One person has noticed visible veins on their upper torso and arms, and is wondering whether this could signify a medical problem or is, instead, a completely normal phenomenon. Judging by the many people who joined the thread asking the same question, rather than offering possible answers, visible veins are a common issue for people to be worried about.
Should they? Are visible veins in the upper body normal, or something you should see your doctor about?
What do the experts say?
Dr Amir Shaban told SteadyHealth that most veins aren't visible in the majority of people because they're "covered with two layers of skin and a layer of fat", and that fat loss, thinning skin, or more blood in the veins could be responsible for the gradual appearance of visible veins. One factor or a combination of factors may cause visible veins, and both harmless and more serious things can be to blame.
Some factors that influence the appearance of visible veins that may — as many SteadyHealth members pointed out — "look like someone drew on the skin with a marker" include:
- Age. Since layers of fat and thicker skin can both "cushion" the veins and make it so that we can't see them and age can both lead to fat loss and thinning skin, it's not usual for veins to become more prominent as you get older. This is not necessarily a medical concern at all.
- Genetics. Not only are some people so fair-skinned that they almost "glow in the dark" as it were, allowing veins to be more visible, people with immediate relatives who have visible veins are also more likely to have them themselves.
- Hormones. Many women report that the veins around their chest area are more visible during pregnancy, in the lead-up to their period and during menstrual flow, and while they are breastfeeding. This is the result of hormones and resulting increased blood flow in that area of the body.
- Weight loss. Since having more fat makes your veins less visible, losing quite a bit of weight may mean you also notice your veins more. This is normal and nothing to worry about.
- Exercise. Doing things like bodybuilding, wherein you really work your upper body, can also, Dr Shaban said, cause increased vascularity within that region.
- Smoking. Smoking causes premature aging of all parts of the body, including the skin — once again thinning it and contributing to the appearance of visible veins.
It's also possible that your more visible and dark veins are indeed the result of an underlying medical problem that may need treatment, however.
Varicose veins are twisted and swollen veins mostly associated with the legs, while spider veins are a similar phenomenon of smaller twisty veins — often seen in the chest, among other places. Many of the same factors contribute to the appearance of these two, and physical inactivity does, too, along with obesity. Lifestyle changes like losing weight, moving around more, and wearing loose clothing can help with them. They can also be treated surgically, including with laser treatment.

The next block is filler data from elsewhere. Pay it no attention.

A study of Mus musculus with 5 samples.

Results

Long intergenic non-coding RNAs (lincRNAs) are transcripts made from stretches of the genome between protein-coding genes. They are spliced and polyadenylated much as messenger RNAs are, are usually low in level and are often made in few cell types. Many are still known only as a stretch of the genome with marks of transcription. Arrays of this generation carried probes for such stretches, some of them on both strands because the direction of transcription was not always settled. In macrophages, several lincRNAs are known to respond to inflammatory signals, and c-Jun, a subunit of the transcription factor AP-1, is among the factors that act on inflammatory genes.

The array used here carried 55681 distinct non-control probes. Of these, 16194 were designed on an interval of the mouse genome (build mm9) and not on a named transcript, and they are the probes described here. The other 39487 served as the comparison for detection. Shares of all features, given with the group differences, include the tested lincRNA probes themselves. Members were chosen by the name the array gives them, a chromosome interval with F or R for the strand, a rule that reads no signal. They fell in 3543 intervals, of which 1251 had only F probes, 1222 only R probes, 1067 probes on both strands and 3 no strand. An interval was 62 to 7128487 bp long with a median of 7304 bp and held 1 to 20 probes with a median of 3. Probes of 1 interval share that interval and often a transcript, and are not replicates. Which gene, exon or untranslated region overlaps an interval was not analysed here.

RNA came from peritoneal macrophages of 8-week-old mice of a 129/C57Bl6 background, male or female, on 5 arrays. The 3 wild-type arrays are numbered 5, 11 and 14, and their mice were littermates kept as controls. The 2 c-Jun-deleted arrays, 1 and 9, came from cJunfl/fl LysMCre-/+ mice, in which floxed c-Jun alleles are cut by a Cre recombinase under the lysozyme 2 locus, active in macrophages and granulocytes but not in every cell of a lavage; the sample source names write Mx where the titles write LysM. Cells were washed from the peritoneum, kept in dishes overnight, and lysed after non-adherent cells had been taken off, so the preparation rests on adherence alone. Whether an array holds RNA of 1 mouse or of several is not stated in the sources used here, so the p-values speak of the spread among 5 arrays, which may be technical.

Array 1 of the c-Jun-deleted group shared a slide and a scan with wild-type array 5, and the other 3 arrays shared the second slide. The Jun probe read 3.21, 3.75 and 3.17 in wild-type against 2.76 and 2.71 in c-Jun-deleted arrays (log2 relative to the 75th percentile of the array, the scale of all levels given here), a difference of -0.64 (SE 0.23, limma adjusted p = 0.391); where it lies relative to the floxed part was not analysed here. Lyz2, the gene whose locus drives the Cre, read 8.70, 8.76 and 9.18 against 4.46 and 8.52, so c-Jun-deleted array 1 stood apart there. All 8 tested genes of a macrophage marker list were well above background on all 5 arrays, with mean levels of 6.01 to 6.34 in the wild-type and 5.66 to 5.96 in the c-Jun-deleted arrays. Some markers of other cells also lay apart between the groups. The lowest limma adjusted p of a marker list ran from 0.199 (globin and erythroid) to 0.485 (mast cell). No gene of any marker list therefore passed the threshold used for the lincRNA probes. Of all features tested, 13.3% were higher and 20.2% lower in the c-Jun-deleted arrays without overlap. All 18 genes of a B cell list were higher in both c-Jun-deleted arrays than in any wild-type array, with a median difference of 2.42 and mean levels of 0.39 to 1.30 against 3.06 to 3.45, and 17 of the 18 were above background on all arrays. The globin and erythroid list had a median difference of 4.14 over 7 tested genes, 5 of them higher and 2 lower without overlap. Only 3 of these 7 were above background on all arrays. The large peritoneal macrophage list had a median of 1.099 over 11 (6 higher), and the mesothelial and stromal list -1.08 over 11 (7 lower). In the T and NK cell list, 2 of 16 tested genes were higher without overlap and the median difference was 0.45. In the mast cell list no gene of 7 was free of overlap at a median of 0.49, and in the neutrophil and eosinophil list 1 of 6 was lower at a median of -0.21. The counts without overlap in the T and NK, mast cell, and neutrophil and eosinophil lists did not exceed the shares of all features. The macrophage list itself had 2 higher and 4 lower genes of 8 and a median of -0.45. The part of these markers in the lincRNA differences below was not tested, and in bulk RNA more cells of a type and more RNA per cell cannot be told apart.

Spider veins in the chest area can also be a symptom of liver cirrhosis, which also tends to cause fatigue, weight loss, a lack of appetite, nausea, abdominal discomfort, and later on jaundice and edema (fluid buildup) — symptoms some SteadyHealth members reported but most of which can also be associated with pregnancy in young, healthy, women.
If you're young, apparently healthy, and have no other symptoms besides visible veins, it's unlikely that your veins signify a serious medical problem — especially if you are very light-skinned and thin. If your veins have suddenly become much more visible than before, however, and you're worried or also have other symptoms, it's time to check in with your doctor so they can rule underlying problems in or out. In the best case scenario, they'll tell you you have nothing to worry about, but if you need treatment, timely diagnosis is always beneficial.
Questions people posed about visible and often dark veins included:
- What is this?
- Did you ever find out what caused the appearance of your dark blue veins.
- does this mean we have too much CO2 in our bodies?
- Ive had veins in my breasts for about a week now and also got spots around my nipples i have vens in my arms and have noticed a few in my belly what can this mean there really dark blue and very visible im on the pill and i dont know weather it could be that doing it but i doubt it because ive been on that for a while now and only just got this i did miss a pill but ive took a pregnancy test and its negative do you think i could be pregnant?
- are they going to be permanent?
Some people even reported other symptoms that accompanied dark veins — which were most likely a new phenomenon for them.
- This past week I had an episode coming out of a patients house, (I work for hospice), And I all of the sudden got very faint and had a stabbing chest pain on the left side of my chest and left arm felt really wierd.
- It felt kinda like circulation was cut off.
- And it is really sore and tender.
- i am a young female adult who recently started on birth control, ive noticed dark blue veins showing through my skin not like usual, on my pelvis chest and forearms.
- ive also experienced left leg pain and heart pain which i thought was heartburn but these symptoms also could lead to blood clotting which is common while taking birth control.
What should a person do when they suddenly notice more prominent veins, especially if they also have some other symptoms? SteadyHealth members shared their thoughts:
- Test again when you are 2 weeks late.
- See your doctor if you still haven't had a cycle.
- Keep a watch and see if they come n go.
- depending on how dehydrated you are your veins might look wonky for a bit yet but in a matter of hours you'll see great improvement if it doesn't go away entirely.
- So MIO it, chill it, ice it, throw a wedge of lime in there, do what you gotta do to down that H2O!